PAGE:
Habana Labs has emerged onto the machine-learning (ML) stage with its Goya HL-1000 processor (Fig. 1). The x16 PCI Express Gen 4 board has a 200-W TDP and comes with 16 GB of DDR4 ECC DRAM. It’s aimed at ML inference chores with a forthcoming Gaudi processor targeting ML training. In the meantime, Goya can take advantage of trained deep-neural-network (DNN) models to handle inference.
1. Habana Labs’ Goya HL-1000 is based on a VLIW SIMD vector core with Tensor addressing support.
The HL-1000 is designed to manage high-throughput chores with low latency (Fig. 2). Its performance scales well, handling thousands of images per second for standard ML test applications such as ResNet-50. It can process this model at over 15,000 images/s with a 1.3-ms latency while dissipating only 100 W of power. Typical latency in the industry at this point sits at around 7 ms. Keeping power requirements low in an enterprise setting with many boards is critical to minimizing overall system costs. Habana delivers passive as well as active cooled models.
2. The Goya’s performance and low latency are impressive.
The architecture is based on a Tensor Processing Core (TPC) that’s fully programmable in C and C++ using an LLVM-based compiler. The HL-1000 processor is built on a cluster of eight TPCs (Fig. 3). As with most ML systems, the processor includes hardware general-matrix-multiply (GEMM) acceleration. There are special functions in dedicated hardware along with Tensor addressing and latency hiding support.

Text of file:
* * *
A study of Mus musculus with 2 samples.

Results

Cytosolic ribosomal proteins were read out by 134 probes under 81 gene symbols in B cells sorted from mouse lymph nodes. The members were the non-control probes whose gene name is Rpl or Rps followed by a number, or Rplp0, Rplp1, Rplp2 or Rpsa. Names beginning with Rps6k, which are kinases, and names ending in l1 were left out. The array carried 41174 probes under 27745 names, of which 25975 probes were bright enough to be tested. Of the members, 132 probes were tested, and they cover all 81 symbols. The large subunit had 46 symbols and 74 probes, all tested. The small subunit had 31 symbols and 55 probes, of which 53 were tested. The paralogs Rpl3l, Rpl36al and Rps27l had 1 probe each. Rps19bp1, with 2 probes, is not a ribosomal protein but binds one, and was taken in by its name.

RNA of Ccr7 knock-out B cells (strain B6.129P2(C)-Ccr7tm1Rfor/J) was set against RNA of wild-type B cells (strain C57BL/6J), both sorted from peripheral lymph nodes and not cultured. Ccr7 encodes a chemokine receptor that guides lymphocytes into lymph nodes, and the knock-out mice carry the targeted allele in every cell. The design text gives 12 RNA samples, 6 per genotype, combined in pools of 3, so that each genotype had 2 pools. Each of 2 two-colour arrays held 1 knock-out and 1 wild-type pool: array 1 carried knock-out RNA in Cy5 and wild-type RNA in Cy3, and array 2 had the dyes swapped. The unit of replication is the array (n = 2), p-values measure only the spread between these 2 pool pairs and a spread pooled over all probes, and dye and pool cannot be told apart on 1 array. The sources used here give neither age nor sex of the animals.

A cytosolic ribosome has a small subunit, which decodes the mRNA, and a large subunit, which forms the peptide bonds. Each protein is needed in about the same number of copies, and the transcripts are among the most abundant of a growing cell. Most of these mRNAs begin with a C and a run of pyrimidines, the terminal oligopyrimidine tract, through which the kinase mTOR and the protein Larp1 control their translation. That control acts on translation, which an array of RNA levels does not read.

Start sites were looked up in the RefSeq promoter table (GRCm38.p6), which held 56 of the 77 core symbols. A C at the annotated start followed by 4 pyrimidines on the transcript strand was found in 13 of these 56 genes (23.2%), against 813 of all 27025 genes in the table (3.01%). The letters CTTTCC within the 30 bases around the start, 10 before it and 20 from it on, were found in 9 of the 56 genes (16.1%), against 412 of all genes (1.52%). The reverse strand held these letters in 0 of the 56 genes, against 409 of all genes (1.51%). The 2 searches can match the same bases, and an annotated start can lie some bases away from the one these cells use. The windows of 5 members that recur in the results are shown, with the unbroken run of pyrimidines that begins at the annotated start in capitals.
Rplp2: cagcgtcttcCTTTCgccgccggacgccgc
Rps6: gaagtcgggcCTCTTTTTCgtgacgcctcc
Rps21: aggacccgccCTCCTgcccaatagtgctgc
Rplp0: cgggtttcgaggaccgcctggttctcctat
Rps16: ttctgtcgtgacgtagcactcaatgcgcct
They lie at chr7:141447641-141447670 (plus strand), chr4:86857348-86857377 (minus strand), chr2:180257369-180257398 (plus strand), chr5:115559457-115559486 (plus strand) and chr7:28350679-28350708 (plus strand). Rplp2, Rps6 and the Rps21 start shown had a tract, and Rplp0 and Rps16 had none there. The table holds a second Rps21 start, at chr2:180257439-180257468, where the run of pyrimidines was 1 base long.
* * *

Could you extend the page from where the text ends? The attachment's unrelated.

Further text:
3. Multiple, fully programmable Habana Tensor Processing Cores populate the Goya HL-1000.
The system exploits on-die memory that’s managed by software along with centralized, programmable DMAs to deliver predictable, low-latency operation. Although targeted at TensorFlow applications, it works equally well with other framework models. The TPC handles 8-, 16- and 32-bit integers as well as 32-bit floating point.
Habana’s SynapseAI software transforms standard AI models to applications that run on the HL-1000 (Fig. 4). The tools can import models from MXNet, Caffe 2, Microsoft Cognitive Toolkit, PyTorch, and Open Neural Network Exchange Format (ONNX). It can also utilize user-supplied libraries; a Python-based front end helps automate system operation. The SynapseAI runtime manages resources on the processor. IDE support includes a debugger and simulator. Among its tools are real-time tracing and performance analysis that can be graphically presented.
4. Habana’s SynapseAI software transforms standard AI models to applications that run on the HL-1000.
Habana will have lots of competition in this space. Thus, its high performance, lower power, and low-latency characteristics will be key factors in staying ahead of the pack.